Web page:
We can use if' sentences to talk about general truths (the ‘0 conditional') as well as future possibilities (‘the 1st conditional'). When we want to talk about hypothetical, imaginary orunreal' situations in the present or future we use another form of if' sentences called the 2nd conditional

     

    If + subject + past simple/continuous + object , would/could/might + bare infinitive

     

     

    If' clause

    Main clause

    Explanation

    If I had a million dollars,

    I would buy a house

    This person  does not have a million dollars at the moment but in an imaginary situation when they did, they would buy a house.

    If I wasn't a teacher,

    I would be an actor

    This person is a teacher but they use the second conditional to talk about their present situation could be different.

    If he was working on a farm,

    he would be very unhappy

    This person is not working on a farm and they use the second conditional to describe their mood if, in a hypothetical situation, they did.

     

     

    2nd conditional: describing the consequences

    In order to change the way we describe the meaning of themain clause' in the second conditional sentences we can use would' which is more common, could', to talk about possibility and might' to describe general uncertainty.

     

     

    If' clause

    Main clause

    Explanation

    If he had a job,

    he would be happier

    A man does not have a job but hypothetically if he did he would be happier in his life

    If politicians were honest,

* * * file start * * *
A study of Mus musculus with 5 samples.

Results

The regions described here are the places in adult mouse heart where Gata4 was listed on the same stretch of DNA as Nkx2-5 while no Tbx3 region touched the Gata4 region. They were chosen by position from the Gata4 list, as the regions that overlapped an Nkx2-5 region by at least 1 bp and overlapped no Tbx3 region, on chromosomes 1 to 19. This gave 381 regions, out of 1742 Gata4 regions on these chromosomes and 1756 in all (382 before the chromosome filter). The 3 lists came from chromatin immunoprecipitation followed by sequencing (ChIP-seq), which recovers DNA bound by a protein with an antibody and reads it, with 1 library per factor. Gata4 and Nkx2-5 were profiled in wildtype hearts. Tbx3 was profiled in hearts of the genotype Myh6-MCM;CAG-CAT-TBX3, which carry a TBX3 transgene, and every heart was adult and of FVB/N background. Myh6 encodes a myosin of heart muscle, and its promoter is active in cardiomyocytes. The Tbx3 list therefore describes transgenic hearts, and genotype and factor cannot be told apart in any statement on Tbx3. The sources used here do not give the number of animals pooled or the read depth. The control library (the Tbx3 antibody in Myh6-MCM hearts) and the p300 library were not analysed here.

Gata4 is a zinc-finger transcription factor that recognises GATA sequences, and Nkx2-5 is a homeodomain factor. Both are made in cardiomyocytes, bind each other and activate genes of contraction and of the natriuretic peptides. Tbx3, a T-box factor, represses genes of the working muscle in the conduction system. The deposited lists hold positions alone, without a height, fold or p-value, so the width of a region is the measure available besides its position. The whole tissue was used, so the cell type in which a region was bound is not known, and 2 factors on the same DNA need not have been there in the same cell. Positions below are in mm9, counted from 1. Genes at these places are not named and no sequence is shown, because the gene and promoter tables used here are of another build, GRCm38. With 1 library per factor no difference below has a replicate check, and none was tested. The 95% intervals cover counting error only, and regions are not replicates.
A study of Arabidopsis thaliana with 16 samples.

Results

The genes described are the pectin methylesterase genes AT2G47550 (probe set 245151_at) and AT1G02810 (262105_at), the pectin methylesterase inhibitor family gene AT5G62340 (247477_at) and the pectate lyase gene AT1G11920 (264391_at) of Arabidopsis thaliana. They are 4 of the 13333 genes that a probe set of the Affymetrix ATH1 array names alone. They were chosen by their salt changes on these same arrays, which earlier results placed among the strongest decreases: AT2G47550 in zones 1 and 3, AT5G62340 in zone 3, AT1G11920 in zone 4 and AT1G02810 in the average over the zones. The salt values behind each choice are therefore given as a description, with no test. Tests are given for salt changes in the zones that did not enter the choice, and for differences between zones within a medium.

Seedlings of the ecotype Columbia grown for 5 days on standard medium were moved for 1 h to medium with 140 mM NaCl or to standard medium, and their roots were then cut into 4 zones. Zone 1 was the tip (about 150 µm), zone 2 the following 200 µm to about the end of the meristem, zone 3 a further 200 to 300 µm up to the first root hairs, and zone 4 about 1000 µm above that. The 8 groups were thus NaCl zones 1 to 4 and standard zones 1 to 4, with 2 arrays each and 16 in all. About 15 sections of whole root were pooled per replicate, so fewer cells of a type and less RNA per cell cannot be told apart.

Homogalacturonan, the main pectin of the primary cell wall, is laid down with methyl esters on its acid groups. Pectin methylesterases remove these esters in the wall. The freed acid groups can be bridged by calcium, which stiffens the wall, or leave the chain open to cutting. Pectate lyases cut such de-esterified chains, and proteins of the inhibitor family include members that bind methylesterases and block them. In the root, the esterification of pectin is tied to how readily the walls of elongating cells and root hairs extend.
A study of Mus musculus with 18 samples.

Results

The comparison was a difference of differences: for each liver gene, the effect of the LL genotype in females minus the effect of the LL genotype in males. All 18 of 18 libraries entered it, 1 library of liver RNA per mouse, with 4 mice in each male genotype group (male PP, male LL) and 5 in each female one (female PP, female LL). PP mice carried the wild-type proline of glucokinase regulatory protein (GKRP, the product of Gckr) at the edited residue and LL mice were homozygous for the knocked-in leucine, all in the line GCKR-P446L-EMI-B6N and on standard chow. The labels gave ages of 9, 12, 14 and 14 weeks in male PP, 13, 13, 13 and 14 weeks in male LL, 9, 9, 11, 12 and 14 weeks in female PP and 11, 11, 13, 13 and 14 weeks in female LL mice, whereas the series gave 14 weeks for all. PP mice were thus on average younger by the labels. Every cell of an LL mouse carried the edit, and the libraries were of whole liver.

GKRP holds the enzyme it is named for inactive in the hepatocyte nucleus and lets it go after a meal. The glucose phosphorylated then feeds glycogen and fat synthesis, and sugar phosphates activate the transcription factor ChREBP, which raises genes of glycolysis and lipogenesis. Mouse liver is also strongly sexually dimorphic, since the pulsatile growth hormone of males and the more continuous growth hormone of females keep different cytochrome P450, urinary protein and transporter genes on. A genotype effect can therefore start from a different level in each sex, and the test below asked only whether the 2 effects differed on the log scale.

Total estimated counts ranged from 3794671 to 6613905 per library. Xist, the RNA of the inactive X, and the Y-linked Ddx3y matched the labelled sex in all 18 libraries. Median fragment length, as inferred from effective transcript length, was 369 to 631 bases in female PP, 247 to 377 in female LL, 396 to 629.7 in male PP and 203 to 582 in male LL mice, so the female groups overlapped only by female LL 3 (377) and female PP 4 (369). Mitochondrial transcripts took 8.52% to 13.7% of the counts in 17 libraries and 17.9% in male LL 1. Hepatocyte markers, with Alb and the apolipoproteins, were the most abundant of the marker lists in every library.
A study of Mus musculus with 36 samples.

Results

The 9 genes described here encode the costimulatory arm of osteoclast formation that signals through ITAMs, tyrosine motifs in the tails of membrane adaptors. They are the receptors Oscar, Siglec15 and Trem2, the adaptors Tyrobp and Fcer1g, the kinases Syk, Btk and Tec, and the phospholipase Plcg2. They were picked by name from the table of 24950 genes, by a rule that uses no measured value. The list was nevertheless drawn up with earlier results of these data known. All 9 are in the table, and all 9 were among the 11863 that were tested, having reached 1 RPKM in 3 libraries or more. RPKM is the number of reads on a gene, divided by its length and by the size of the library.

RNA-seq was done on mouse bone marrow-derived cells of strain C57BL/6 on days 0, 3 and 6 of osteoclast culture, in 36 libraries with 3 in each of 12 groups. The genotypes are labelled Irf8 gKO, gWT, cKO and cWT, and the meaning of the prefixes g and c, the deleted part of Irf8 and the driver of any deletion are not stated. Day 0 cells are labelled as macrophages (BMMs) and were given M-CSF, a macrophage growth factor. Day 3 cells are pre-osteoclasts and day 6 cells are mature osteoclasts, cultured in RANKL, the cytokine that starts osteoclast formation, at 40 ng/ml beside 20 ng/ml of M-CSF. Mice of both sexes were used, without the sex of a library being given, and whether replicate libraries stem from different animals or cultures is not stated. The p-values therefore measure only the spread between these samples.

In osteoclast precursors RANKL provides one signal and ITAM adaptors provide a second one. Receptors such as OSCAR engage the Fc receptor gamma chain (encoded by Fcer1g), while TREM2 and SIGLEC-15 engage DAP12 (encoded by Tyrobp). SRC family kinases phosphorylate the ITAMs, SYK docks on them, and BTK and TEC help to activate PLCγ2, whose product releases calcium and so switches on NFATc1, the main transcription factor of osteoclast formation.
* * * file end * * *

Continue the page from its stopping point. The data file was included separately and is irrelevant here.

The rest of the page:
the world could be better

    There is a stronger possibility of a better world in an imaginary world where politicians are honest

    If my boss gave me less work,

    I might write a novel

    In the unlikely situation of getting less work, this man may (or may not) write a novel

     

     

    Warning!

     

    It's important to remember NOT to put the modal verb (would', could' or might') in the conditional or if' clause when using conditional sentences:

     

    • If I had time, I would do interesting things (NOT If I would have time I would do interesting things)

      

     

    Flexibility in conditional sentences

    Conditional sentences are flexible, you can swap the if clause' with the second clause and the meaning does not change and  you can do this with all conditional sentences. Note that the comma (,) is lost when we swap the clauses:

     

    • If people relaxed more, they would feel better = People would feel better if they relaxed more

    • If he played better, I wouldn't get angry = I wouldn't get angry if he played better

     

     

    Second conditional - question forms

    Note the change in word order when you make questions with the second conditional

     

    • What would you do if you weren't in prison?

    • If he wasn't so lazy, what would he be doing with this life?

    • What would you look like if you didn't have a big beard?

    • If Britain was warmer, would you be able to live there?

    • Would you dance more if you liked the music?